PUTTING THE BOUNCE BACK INTO MATTRESS RECYCLING IN NEWCASTLE UPON TYNE

2010/2011 was not a good year for Newcastle City Council, with statistics demonstrating that the percentage of household waste being reused, sent for recycling or composting had dropped from 41% to 33% from the previous year 2009/2010 (source: DEFRA data, England Recycling, 2011). With EU and national targets which dictate that 50% of household waste should end up recycled, rather than languishing in landfill, by 2020 the council have needed to take action to improve these statistics, particularly 2015 sees the UK halfway to the decade’s target deadline. Rethinking recycling In response, 2012 saw Newcastle City Council make things easier for householders with a change to their bulky item collection system. This saw twice-yearly only kerbside collections replaced with an on-demand booking service or self-haul voucher options, which allow households to take their bulky waste items to the local Summerhill Waste Management Centre. Householders can use this service to dispose of bulky items such as:
  • Domestic white goods
  • Up to 20 bags of garden waste
  • Up to 5 bags of rubble
  • Furniture items including mattresses and beds.
Fresh start advantages The advantage of this fresh start for bulky waste collection in Newcastle has resulted in savings on collection costs for the council along with a reduction in road-side waste awaiting pick-ups, as well as the anti-social behaviours associated with scavenging and the health and safety risks of items abandoned on pavements and roadsides. The newer system has also allowed households to take their own items to the designated tip at their own convenience. However, the biggest advantage has been that the new system for bulky waste also allows the council to strip all collected and self-hauled items of their recyclable components, an action which seems to have helped the council to get back on track with that 50% target, as 2012/2013’s statistics for the area’s waste management showed a rise in recycled household waste to approximately 45% (Source: Newcastle Upon Tyne City Council). Down in the dumps Unfortunately, despite the council’s best efforts, some households do experience disadvantages from the new system:
  • The fee for each bulky waste collection is £15. For this a varying amount of items can be collected.
  • Gauging the amount of items which count as “one collection” can be confusing. The council stipulates that one collection can be items which are broadly the equivalent of 20 bags of garden refuse. For example, a bed, mattress, 2 cabinets and a 3 drawer chest are the maximum in one collection, but of course the overall size and weight of such items can vary considerably.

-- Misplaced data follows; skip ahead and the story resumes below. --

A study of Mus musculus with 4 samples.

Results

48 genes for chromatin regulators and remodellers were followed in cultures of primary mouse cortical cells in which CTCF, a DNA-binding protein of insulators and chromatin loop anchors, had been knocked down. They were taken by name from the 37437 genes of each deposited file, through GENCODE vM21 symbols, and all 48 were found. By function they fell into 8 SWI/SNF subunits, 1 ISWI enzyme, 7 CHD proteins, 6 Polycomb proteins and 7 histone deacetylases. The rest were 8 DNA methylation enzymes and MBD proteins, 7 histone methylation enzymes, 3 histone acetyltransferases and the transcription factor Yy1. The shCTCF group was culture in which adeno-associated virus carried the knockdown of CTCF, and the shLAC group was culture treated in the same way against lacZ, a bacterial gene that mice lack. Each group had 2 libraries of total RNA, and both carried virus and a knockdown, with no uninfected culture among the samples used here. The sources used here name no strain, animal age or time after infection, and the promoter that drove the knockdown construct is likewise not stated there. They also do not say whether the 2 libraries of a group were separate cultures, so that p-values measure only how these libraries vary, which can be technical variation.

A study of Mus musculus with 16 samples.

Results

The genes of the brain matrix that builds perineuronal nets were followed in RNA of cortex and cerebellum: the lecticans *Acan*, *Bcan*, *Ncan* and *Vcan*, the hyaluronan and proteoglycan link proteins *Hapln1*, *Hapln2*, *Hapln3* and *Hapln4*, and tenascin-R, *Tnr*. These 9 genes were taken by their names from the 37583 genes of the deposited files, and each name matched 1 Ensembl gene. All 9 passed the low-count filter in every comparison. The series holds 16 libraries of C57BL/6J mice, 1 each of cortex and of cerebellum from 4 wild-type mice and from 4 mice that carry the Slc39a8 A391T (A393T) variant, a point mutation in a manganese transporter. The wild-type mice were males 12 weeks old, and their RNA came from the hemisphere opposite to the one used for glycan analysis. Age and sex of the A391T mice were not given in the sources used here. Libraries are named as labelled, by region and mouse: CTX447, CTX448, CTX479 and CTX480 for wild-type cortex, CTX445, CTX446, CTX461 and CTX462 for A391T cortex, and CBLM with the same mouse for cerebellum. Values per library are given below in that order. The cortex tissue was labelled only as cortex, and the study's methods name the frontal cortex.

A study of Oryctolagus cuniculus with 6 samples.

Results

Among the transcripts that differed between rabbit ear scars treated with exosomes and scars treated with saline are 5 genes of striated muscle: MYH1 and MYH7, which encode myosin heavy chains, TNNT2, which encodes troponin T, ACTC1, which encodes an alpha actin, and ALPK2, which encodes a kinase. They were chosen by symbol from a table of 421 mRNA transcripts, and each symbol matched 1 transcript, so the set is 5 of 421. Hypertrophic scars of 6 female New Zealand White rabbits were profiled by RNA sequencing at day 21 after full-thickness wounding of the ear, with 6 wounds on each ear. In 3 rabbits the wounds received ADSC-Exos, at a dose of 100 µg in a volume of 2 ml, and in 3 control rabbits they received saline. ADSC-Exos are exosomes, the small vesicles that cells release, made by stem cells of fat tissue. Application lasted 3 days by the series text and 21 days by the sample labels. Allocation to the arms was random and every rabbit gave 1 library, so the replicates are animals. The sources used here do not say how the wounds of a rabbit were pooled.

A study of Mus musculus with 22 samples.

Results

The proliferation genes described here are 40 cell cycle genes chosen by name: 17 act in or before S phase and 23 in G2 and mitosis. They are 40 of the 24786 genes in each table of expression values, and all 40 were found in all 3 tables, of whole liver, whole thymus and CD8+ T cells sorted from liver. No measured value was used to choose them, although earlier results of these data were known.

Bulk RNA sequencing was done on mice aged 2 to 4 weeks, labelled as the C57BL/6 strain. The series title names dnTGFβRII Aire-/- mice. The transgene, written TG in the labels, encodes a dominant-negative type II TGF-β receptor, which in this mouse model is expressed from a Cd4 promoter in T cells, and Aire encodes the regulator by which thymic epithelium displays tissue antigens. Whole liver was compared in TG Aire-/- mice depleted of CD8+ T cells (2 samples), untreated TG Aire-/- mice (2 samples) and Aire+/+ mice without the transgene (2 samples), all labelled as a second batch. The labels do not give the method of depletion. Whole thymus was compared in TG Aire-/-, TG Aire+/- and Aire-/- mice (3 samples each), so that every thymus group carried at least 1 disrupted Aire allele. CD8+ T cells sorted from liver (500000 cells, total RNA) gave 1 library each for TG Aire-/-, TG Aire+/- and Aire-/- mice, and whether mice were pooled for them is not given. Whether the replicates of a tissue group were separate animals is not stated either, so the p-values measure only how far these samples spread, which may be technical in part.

• Bulky items can only be put outside the night before collection is due, no sooner otherwise households could be fined for fly-tipping.
  • Collection staff cannot enter homes, so households must remove the items from their own homes… not easy for all families, particularly the elderly or disabled who might not be able to manoeuvre a large mattress or divan base out of the house.
Less cost, more options An ideal alternative, to help ensure that beds and mattresses are recycled, but often at less cost and greater convenience than council-run schemes come from Collect Your Old Bed’s system, which offers several additional advantages:
  • Costs involved can be significantly less. Single bed prices start from £11.99 and all prices are listed, no gauging or guess-work;
  • Collect Your Old Bed can collect when it suits householders and they will collect from inside the house… no having to lug items outside;
  • The service is easy and convenient to use, with a simple three-step online process using the Collect Your Old Bed website:
    • Enter the postcode for collection;
    • Add the number and types of items to be collected;
    • Select a collection date and complete contact details.
Additionally, there’s a 100% guarantee that all parts of beds, including frames, bases and mattresses, will be recycled;
  • Mattress fabric can be recycled into carpet padding and other textiles;
  • Recycled wood components has new potential as kitty litter, pet bedding, garden mulch and chippings, biomass fuel;
  • Recycled steel mattress parts and bed base springs can be repurposed into hardware items – with the steel remaining recyclable across many lifetimes!
New steps for Newcastle With plenty of options including council bulky waste pick-ups and Collect Your Old Bed mattress collection and recycling in Newcastle, local households are taking great steps towards keeping a focus on recycling and helping to support the local, national and global environment.